1.   Why do you think Paddock chose narratives as a way of conveying the main themes in her research?

  • The analysis is a means of finding whether there is evidence for propositions raised in the literature of alternative food, particularly pertaining to issues of communities in which distinctions of economic status and/or class are found between different groups in ‘one’ community. Since that theory in Bourdieu (and more specific literature also employing Bourdieu) emphasises that practices in everyday life reveal to analysis ‘unconscious rules’ (1042) that perpetuate and naturalise social distinctions. These are perceptible to analysis in ‘participants’ normative account of the struggle for resources, namely foods that they value in upholding their ways of life (1042).’ Hence Paddock determines to choose normative accounts from two differentiated contexts which might show the reproduction of ‘a balance of power that favours well-to-do consumers.’ (1043)

2.   What is the impact for you of the way the interview talk is presented? What is the point of the researcher noting points of laughter, for example? What about filler sounds like ‘erm’?

  • Non-verbal communication (NVC) like laughter conveys meanings that presume recognition of the situation described and values pertaining to it in the addressee. It can also be used to rescue a situation in which the addressee may find the points made offensive by attributing them to humour and less-than-serious comment, should the need arise in the continuation of dialogue. Filler sounds convey meaning that shifts in response to context. They allow space for intervention, time for thought (perhaps in gauging the addressee’s response through NVC) or allow for a sense of real or postured uncertainty.

3.   How does Paddock go about building a case for the interpretations she is making? How does she compel you, as a reader, to take her findings seriously? Share a specific example of how you think this is done in this article.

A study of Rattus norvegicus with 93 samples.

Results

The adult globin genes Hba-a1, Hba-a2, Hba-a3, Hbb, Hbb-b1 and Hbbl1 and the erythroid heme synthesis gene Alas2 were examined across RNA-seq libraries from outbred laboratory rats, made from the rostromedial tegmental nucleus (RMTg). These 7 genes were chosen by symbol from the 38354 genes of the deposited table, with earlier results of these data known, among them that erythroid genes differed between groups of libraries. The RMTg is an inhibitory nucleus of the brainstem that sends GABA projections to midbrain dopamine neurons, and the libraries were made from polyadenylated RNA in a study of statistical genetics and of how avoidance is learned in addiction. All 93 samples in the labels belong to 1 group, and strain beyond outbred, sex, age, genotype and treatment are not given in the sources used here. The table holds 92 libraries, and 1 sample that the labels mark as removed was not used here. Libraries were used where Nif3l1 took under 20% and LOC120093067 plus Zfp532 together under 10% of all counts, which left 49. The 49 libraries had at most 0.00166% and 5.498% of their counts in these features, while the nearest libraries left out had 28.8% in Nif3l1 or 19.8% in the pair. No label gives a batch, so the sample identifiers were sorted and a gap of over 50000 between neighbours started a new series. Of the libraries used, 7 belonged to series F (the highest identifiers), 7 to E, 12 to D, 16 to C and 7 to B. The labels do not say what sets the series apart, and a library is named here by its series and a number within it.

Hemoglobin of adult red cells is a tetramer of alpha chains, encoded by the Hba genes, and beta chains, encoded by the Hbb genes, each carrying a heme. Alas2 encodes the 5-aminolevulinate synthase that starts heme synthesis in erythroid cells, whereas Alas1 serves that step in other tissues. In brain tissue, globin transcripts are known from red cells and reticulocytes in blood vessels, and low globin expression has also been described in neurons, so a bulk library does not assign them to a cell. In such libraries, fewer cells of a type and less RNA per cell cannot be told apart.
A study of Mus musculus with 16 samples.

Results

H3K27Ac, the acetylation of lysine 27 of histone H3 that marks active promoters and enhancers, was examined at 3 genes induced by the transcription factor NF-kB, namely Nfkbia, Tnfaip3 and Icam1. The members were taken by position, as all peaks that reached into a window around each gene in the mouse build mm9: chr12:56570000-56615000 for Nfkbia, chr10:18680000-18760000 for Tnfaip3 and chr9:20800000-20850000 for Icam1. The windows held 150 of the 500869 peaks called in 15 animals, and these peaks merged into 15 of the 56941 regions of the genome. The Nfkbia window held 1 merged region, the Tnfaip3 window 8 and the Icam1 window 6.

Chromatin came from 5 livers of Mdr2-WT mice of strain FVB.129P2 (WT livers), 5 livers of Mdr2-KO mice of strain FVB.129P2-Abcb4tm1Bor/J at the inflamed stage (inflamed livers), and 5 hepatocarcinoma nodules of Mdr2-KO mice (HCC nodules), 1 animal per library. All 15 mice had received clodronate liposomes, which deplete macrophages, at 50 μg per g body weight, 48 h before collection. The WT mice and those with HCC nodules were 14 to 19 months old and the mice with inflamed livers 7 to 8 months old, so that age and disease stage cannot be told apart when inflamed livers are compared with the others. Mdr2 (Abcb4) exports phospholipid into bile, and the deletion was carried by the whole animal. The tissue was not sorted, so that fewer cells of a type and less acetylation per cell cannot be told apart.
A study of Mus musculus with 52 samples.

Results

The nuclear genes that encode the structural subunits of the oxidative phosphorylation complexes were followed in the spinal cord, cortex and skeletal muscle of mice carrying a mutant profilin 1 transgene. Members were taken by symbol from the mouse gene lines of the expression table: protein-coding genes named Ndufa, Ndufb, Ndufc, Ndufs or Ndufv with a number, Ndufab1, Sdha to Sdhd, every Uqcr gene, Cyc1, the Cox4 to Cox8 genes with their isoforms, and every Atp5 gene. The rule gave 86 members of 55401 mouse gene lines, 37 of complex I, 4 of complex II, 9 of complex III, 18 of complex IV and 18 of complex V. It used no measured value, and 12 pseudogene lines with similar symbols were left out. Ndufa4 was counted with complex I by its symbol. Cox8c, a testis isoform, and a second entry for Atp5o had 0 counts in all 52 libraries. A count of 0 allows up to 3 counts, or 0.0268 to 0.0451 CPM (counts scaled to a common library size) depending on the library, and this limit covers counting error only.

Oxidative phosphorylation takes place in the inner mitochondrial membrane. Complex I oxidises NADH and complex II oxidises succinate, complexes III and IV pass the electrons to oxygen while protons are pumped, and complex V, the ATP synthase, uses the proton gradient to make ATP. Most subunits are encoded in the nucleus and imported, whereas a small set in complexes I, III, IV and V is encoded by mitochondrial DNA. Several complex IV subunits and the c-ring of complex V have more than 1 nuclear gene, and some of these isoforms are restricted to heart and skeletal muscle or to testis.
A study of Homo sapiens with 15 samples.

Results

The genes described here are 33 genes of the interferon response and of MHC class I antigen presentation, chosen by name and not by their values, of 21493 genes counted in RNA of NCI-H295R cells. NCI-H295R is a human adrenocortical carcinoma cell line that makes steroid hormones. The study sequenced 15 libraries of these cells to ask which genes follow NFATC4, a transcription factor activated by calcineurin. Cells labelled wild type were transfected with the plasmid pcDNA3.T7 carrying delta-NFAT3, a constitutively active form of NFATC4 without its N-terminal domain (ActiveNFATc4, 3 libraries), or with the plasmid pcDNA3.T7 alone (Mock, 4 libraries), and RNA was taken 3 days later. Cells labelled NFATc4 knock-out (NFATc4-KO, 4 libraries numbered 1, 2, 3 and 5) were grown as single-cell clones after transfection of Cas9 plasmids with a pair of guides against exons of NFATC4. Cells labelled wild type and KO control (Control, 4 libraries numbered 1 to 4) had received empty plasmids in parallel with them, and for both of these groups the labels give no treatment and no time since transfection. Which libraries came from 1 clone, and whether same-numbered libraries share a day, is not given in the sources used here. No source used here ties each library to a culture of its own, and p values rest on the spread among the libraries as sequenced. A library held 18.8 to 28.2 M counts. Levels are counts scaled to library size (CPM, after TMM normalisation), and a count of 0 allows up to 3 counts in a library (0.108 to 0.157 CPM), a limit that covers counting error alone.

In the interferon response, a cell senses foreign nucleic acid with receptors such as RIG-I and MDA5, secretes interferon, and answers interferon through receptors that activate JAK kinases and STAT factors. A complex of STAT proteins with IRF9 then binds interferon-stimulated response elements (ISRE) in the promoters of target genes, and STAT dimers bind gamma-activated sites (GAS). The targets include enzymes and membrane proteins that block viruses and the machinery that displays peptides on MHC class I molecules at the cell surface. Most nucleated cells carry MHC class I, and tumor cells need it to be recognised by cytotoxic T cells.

• She accumulates narrative talk that talks about attributions of values to behaviour that differentiates ‘us’ (who are in current conversation) from them, who are the subject of that narrative. Thus information is passed that uses explanatory modes to expose differences that should strike the addressee as surprising or extreme. The language of the child health visitor for instance (1046) uses fillers, collusive address (‘you know’) and repetition to build an extreme case about the object of her attention. Paddock actually allows a lot of this to speak for itself in the quotation but points out exactly why the attributed feelings of those in her narrative are problematic – though apparently feelings, they are actually, claims to refuse to believe an otherwise ‘self-evident truth’ (as Valerie sees it).

4.   Interviewees use many emotive words in the excerpts presented here, but Paddock has focused in on the use of the word ‘disgusting’, and developed this through her analysis. How does this concept help her link the data with her theoretical perspective?

  • This is read as a means of Valerie positioning working class people as disgusted by the wrong things and therefore betray that they themselves are disgusting in their insistence. It is a narrative ploy that suggests ‘bourgeois disgust’ whilst not owning up to it. There is a tacit insistence that some things are ‘disgusting’ but they are the reverse of those tastes expressed by working mothers. This is further developed from pp. 1048ff.

5.   Paddock’s main argument is that food is an expression of social class. Looking just at the interview excerpts presented here, what other ideas or research questions do you think a researcher could explore?

  • Let’s just start off with one for now:
    • How and why is identity attributed to self and others through indirect speech that mimes the characteristics of the ‘others’ invented typical speech-acts?
      • Look at

Ø  p. 1048 – Ken’s 2nd speech,

Ø  p. 1046 Valerie’s opening speech.